Khreshchatyk, Kyiv City Council's paper, isn't something I ever read, but it was lying on the couch next to me today, so I did skim the headlines.
Turns out it is harder than ever for Ukrainians to get a Schengen visa now, and the Austrian Embassy is being the toughest of all.
Representatives of two travel agencies are quoted in the piece on tourist business (Increase in Incoming Tourists On the Waves of Our Revolution, by Olena Sedyk, Khreshchatyk, #188 (2591), Dec.17, 2004):
- Iryna Ushchapovska of Bekas Tour Firm says "those who decided not to cancel their trips abroad have found themselves in the "refuseniks" category, against their will. Austria has become completely inaccessible. Our clients - even those who had traveled all over the world - unexpectedly found visa rejection stamps in their passports. I myself have just returned from the republic in the Alps and know that Austrians sympathize with our cause and are wishing us victory. But until the political situation stabilizes, they do not want to see us in their country. They are afraid we'd be seeking political asylum."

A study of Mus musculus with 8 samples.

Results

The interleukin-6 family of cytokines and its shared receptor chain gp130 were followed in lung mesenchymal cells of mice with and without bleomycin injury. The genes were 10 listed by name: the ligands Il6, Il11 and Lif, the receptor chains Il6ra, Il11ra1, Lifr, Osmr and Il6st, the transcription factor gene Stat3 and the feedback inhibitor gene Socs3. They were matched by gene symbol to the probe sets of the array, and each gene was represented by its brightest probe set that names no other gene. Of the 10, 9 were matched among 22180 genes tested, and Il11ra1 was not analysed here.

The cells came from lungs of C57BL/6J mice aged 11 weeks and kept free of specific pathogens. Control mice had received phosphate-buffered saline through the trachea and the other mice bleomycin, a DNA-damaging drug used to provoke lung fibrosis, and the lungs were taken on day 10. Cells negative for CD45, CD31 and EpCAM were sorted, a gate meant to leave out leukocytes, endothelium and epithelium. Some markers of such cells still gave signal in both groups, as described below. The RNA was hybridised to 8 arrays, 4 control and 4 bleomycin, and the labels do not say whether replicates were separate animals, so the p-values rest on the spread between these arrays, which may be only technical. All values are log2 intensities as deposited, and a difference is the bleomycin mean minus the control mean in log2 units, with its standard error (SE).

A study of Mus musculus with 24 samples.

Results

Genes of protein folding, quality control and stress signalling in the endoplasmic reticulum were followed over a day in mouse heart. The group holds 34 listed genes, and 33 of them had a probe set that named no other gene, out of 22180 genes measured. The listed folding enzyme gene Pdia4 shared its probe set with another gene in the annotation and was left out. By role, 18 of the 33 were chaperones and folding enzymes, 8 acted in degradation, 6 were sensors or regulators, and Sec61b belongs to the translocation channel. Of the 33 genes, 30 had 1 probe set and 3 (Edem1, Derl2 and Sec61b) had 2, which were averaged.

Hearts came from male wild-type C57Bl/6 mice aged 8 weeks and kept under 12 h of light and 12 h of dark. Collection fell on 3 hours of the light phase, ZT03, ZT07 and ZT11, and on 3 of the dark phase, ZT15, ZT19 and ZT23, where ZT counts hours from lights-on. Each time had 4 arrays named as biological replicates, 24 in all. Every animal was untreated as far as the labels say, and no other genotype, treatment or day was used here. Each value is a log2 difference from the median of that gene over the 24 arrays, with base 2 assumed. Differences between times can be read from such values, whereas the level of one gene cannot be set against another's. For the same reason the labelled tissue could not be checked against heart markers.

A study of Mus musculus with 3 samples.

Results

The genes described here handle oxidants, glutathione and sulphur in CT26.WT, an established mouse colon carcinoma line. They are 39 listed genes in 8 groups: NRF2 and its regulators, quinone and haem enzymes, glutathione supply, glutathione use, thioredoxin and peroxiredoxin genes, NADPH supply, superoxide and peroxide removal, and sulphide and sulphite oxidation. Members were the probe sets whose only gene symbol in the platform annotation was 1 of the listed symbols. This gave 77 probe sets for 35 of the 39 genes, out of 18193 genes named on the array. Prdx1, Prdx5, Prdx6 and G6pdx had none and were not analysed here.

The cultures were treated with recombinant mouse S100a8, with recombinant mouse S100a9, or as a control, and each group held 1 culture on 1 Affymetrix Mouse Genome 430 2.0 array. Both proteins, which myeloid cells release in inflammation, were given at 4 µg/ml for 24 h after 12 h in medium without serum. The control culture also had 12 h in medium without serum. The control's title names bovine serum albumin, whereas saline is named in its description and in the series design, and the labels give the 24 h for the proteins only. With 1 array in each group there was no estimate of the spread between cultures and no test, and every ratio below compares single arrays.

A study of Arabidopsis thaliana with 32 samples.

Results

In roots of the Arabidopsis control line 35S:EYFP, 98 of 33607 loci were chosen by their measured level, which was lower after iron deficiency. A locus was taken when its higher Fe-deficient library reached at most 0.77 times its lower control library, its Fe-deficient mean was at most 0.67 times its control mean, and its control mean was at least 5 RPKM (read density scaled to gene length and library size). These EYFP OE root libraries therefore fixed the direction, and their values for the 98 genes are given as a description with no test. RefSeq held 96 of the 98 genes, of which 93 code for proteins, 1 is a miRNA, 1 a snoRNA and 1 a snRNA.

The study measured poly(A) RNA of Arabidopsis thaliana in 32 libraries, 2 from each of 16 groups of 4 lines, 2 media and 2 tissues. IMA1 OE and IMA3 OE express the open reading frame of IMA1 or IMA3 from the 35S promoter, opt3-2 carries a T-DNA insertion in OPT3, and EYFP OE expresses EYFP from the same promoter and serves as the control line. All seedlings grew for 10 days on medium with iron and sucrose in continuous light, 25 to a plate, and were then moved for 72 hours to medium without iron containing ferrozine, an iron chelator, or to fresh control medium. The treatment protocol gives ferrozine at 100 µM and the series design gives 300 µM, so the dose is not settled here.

- Tetyana Shchupak of Voyage-Kyiv says they have "refused to work with the Austrian Embassy because they're being so finicky. But our tourists have no problems getting to Spain and Andorra, and these aren't the only countries one can go to."
I'm not sure how how true or how representative this is - but I'm not surprised. It's never been easy to get a U.S. or Western European visa, and the fact that our friends have been offered asylum in France must be an exception. I'm happy Turkey isn't part of the EU and can afford to be different: it takes $20 and five minutes to get a two-month, multiple-entry Turkish visa at the Istanbul airport.